We often talk about “Loving the Lost” but do we love the found?
Do we love each other?
Are our communities loving and up-building places?
Do we extend love to one another?
How about love across the divides of denominations, theology or those we disagree with?
Recently, I saw some posts on facebook about Joel Osteen, being attacked over closing his Lakeside Church in the wake of Hurricane Harvey (although he has made a public donation towards the cause). He has been criticised for not doing enough to help those suffering whilst living in a mansion and having a networth that looks like a mobile telephone number. I don’t particularly like or agree with Joel Osteen, yet I have been challenged about my response to him.
Do I tick ‘like’ the posts bashing him? After-all I want to encourage Churches to be hospitable places that welcome, love and seek to serve those around them, especially the broken, hurting, marginalised and disenfranchised?
On one level I feel somewhat smug and secure with my modest stipend and small 3 bedroomed house, criticising a wealthy man with in a 28 bedroomed mansion. It is easy for me to throw around verses from the Bible like “If anyone has material possessions and sees a brother or sister in need but has no pity on them, how can the love of God be in that person!” (1 John 3.17).
Yet, then I wondered about what a child living on refuse tip without access to clean water would say to me, with my house and income? They could with even more validity quote “If anyone has material possessions and sees a brother or sister in need but has no pity on them, how can the love of God be in that person?”
The danger is we notice the specks in one another’s eyes but not the logs within our own eyes.
There are many clichés such as “those in glass houses not throwing stones”, or “when you point the finger remember there are three pointing back at you” and like all clichés it has a challenging truth at its heart.
Interestingly, I remember seeing a clergy colleague attacking gay marriage with large posters outside his Church, a couple of months later he was exposed having an affair, my friend told me about this in a pub by the waterfront in Bristol as a Hen-Party walked passed dressed scantily and I was reminded of two verses “judge not unless you be judged” and the words of Jesus about “even if you look lustfully at a woman it is as bad as committing adultery in your heart”.
Bishop Graham Cray spoke of sin as “there by the grace of God go I”.
It is interesting as a human beings -especially involved in pastoral work- how aware we are of others failings and completely blind we are to our own faults and failings.
The Pharisee who pours scorn on the tax collector was blind to his pride, arrogance and judgementalism.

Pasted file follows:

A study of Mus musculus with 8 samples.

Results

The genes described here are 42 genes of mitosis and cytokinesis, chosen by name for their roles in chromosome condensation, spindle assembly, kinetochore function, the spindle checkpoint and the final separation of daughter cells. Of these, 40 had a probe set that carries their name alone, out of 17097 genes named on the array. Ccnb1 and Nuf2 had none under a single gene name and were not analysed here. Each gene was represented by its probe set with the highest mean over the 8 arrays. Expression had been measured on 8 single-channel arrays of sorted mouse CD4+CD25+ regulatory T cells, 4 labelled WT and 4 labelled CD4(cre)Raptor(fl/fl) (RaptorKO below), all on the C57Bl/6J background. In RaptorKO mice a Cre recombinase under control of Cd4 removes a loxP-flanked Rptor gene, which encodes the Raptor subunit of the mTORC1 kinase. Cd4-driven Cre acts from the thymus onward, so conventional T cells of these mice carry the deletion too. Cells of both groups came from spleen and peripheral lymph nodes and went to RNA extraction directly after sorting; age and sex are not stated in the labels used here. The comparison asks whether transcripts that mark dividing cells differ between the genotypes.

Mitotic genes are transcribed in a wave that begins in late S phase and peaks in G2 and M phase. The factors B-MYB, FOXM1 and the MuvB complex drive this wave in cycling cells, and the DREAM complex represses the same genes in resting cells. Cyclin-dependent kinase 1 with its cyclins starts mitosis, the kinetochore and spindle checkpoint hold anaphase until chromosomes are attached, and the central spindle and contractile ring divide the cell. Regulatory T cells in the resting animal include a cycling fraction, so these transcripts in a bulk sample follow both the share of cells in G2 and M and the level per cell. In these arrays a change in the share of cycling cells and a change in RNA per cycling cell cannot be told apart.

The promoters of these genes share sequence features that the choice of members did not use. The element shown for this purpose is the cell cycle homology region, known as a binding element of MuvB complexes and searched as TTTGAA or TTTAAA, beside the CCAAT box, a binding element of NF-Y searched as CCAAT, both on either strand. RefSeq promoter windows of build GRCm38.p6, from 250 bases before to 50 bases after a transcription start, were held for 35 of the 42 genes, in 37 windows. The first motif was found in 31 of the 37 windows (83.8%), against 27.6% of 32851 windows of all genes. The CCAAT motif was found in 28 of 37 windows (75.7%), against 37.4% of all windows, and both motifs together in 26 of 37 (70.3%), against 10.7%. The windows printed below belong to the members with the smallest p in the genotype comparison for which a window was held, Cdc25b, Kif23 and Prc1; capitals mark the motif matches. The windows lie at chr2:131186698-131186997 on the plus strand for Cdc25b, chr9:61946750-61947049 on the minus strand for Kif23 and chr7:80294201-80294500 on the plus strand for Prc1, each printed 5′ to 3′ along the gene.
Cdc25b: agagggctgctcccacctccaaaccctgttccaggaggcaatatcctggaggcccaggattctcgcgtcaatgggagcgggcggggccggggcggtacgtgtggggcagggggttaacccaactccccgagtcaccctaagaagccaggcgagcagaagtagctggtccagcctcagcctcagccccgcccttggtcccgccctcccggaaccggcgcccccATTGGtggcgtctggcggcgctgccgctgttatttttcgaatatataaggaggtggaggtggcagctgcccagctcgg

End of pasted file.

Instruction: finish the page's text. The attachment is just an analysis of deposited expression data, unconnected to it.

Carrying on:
We forget that we too are capable of sin, and are people in need of God’s grace.
Jesus said “let those who are without sin cast the first stone” -we have sinned and fallen short of God’s glory.
Jesus said too, “by this all people will know that you are my disciples that you love one another” -yet sadly we see some spats between Christians all over social media. I remember recently being struck by one argument between John Piper and Rob Bell. Rob Bell’s ‘Love Wins’ received a tweet from Piper saying “bye bye Rob Bell” (implying he had left orthodoxy behind and was now a false teacher). Bell responded by a Vlog talking about doctrines he agrees with and ending with damning those who “comment on books they haven’t read”. I remember thinking at the time, this edifies no one, and instead might sell copies of the book but fractures Christian unity.
This is not say that we cannot challenge one another to pursue holiness but can’t do so from a position of smug superiority but rather with humbleness aware of our sin and Gods’ awesome gracious love.
Perhaps aware too of those who listen and hear what we say and how speak about other people, particularly other Christians.
We are meant to be one family bonded and birthed in love from Christ, and yet we shame Christ by the way we squabble and fight.
I heard the other day about an inter-theological college cricket match where the Captain of the evangelical college said as they went to play the liberal catholic college “don’t worry guys we can beat them, they don’t even believe in Jesus!” Now although I am an evangelical, and I do feel really uncomfortable both with some aspects of liberal theology, but I also feel really uncomfortable with comments like this.
As Christians I’m not sure we should be at war with each other.
We are called to love our enemies, and yet sometime we can’t even love our brothers and sisters.
We are called to love the lost, when we can’t even manage to love the found.
Sometimes we are too attacking one another about where we disagree, the world only hears the argument and not the bigger and greater message of Christ.